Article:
At least 31 female trainees have been identified as victims in a widening sex scandal targeting a dozen instructors at Lackland Air Force Base in Texas, the Air Force revealed Thursday, providing new details in an investigation that has rocked the service's training command.
Six of the 12 instructors under investigation for misconduct face charges ranging from rape to adultery. A senior Air Force commander said nine of those instructors were in the same squadron, briefing reporters at the Pentagon at the same time that one of the accused appeared in a Lackland courtroom.
Air Force Staff Sgt. Craig LeBlanc, who is charged with aggravated assault and obstruction of justice, allegedly bragged about "getting laid" by a trainee in a supply closet, one of his fellow airmen testified at an evidentiary hearing Thursday.
"I was speechless. I didn't understand," said Staff Sgt. Christopher Beck, according to the San Antonio Express-News.
Gen. Edward Rice, commander of the Air Education and Training Command, said the Air Force believes the misconduct is not endemic to the nine training squadrons. He says the sexual misconduct apparently began in 2009 but that the first woman came forward only a year ago.
Those first allegations were levied against Staff Sgt. Luis Walker, who faces the most serious charges and is scheduled to be court-martialed next month. Walker is charged with 28 counts, including rape, aggravated sexual contact and multiple counts of aggravated sexual assault. He has not yet entered a plea.
The majority of the instructors under investigation were in the 331st Training Squadron, whose commander was relived from his post last week. Rice said Lt. Col. Mike Paquette, who has not been accused of misconduct, was relieved because of the "unacceptable level" of misbehavior in his unit.
"In my assessment to this point, it is not an issue of an endemic problem throughout basic military training," Rice said. "It is more localized, and we are doing a very intensive investigation on that squadron to find out what exactly happened and why."
Lackland is where every American airman reports for basic training -- about 35,000 a year. About one in five are female, pushed through eight weeks of basic training by a flight of instructors that are about 90 percent male.
As the allegations of misconduct mounted, the Air Force in March took the almost unprecedented step of shutting down training for an entire day and interviewing about 5,900 trainees. Rice said Thursday the Air Force received "very little" negative comments about instructors.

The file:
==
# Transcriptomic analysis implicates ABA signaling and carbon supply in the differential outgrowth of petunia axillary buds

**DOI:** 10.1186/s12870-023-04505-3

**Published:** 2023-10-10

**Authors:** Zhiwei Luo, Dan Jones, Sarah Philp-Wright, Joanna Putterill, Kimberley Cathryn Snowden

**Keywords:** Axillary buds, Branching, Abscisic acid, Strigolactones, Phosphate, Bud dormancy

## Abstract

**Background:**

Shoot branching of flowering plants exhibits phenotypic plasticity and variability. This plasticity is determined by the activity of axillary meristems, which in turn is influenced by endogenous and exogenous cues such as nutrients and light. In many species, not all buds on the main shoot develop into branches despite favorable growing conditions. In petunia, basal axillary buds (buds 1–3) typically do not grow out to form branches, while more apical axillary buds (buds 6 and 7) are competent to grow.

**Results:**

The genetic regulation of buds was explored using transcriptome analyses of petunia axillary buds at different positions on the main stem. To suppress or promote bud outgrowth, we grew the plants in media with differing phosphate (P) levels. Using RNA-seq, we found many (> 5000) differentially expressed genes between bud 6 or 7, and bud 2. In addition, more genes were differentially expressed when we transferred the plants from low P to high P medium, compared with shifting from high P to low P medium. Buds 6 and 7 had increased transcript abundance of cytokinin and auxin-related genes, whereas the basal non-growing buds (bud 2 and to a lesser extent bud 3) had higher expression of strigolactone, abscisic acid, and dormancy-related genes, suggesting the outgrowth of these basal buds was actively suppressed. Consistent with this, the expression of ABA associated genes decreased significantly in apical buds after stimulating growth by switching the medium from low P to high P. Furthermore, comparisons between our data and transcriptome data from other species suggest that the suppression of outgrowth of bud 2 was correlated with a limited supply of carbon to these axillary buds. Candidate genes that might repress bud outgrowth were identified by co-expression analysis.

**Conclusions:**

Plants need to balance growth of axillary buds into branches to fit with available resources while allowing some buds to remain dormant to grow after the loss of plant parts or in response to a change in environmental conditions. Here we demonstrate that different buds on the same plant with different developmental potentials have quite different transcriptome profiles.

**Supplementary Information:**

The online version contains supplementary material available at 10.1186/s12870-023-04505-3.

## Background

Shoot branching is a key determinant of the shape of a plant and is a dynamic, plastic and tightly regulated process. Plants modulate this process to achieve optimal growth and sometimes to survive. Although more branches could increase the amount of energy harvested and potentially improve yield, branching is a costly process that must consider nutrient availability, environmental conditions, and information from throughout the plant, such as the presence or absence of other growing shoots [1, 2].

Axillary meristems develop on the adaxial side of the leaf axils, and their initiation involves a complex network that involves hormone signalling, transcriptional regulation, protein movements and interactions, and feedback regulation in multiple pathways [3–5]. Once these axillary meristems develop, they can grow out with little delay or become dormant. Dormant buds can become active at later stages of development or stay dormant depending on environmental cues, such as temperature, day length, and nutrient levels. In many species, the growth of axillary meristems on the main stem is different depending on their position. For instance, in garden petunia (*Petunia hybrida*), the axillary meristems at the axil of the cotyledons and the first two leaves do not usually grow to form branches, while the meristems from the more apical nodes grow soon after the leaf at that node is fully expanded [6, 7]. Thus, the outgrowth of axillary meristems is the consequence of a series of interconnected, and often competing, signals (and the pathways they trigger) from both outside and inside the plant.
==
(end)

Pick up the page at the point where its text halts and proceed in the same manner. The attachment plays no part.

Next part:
Rice said that to his knowledge, all of the 31 female victims identified by investigators are still in the Air Force.
Lackland has about 475 instructors, which is about 85 percent of what the Air Force would consider being fully staffed. Col. Glenn Palmer, who is commander of the entire 737th training wing at Lackland, has said that applicant standards have not been lowered in order to attract more qualified instructors.
The job is among the most demanding on base. Instructors work longer hours than most for four years, at the expense of family and personal time. A smartphone app the Air Force recently launched to help recruit instructors includes a page of frequently asked questions, the first of which is whether the divorce rate among instructors really is higher.
Rice defended the screening process for instructors but said it will still be re-examined. Only 11 percent of instructors are female.
"I will look at whether or not we need to both hire more female (instructors) and whether or not we need to adjust our process to have only female (instructors) over female sites," Rice said.
LeBlanc's hearing Thursday was to determine whether there is enough evidence to warrant a court-martial. Walker's court-martial is scheduled to begin July 16 and his attorneys have declined comment.
On June 28, Congresswoman Jackie Speier implored Congress to act to end the epidemic of rape and sexual assault in the military.
"We need to know from the top that the phrase, zero tolerance for sexual assault in the military, is a fact, not a talking point," she said.
At a June 29 Pentagon press briefing, Secretary of Defense Leon Panetta said he was concerned about the allegations and called the young recruits, "very vulnerable."
"I take sexual assault allegations very seriously," he said. "We have to maintain strict discipline. We have put steps together on how to deal with this."
The Associated Press contributed to this report.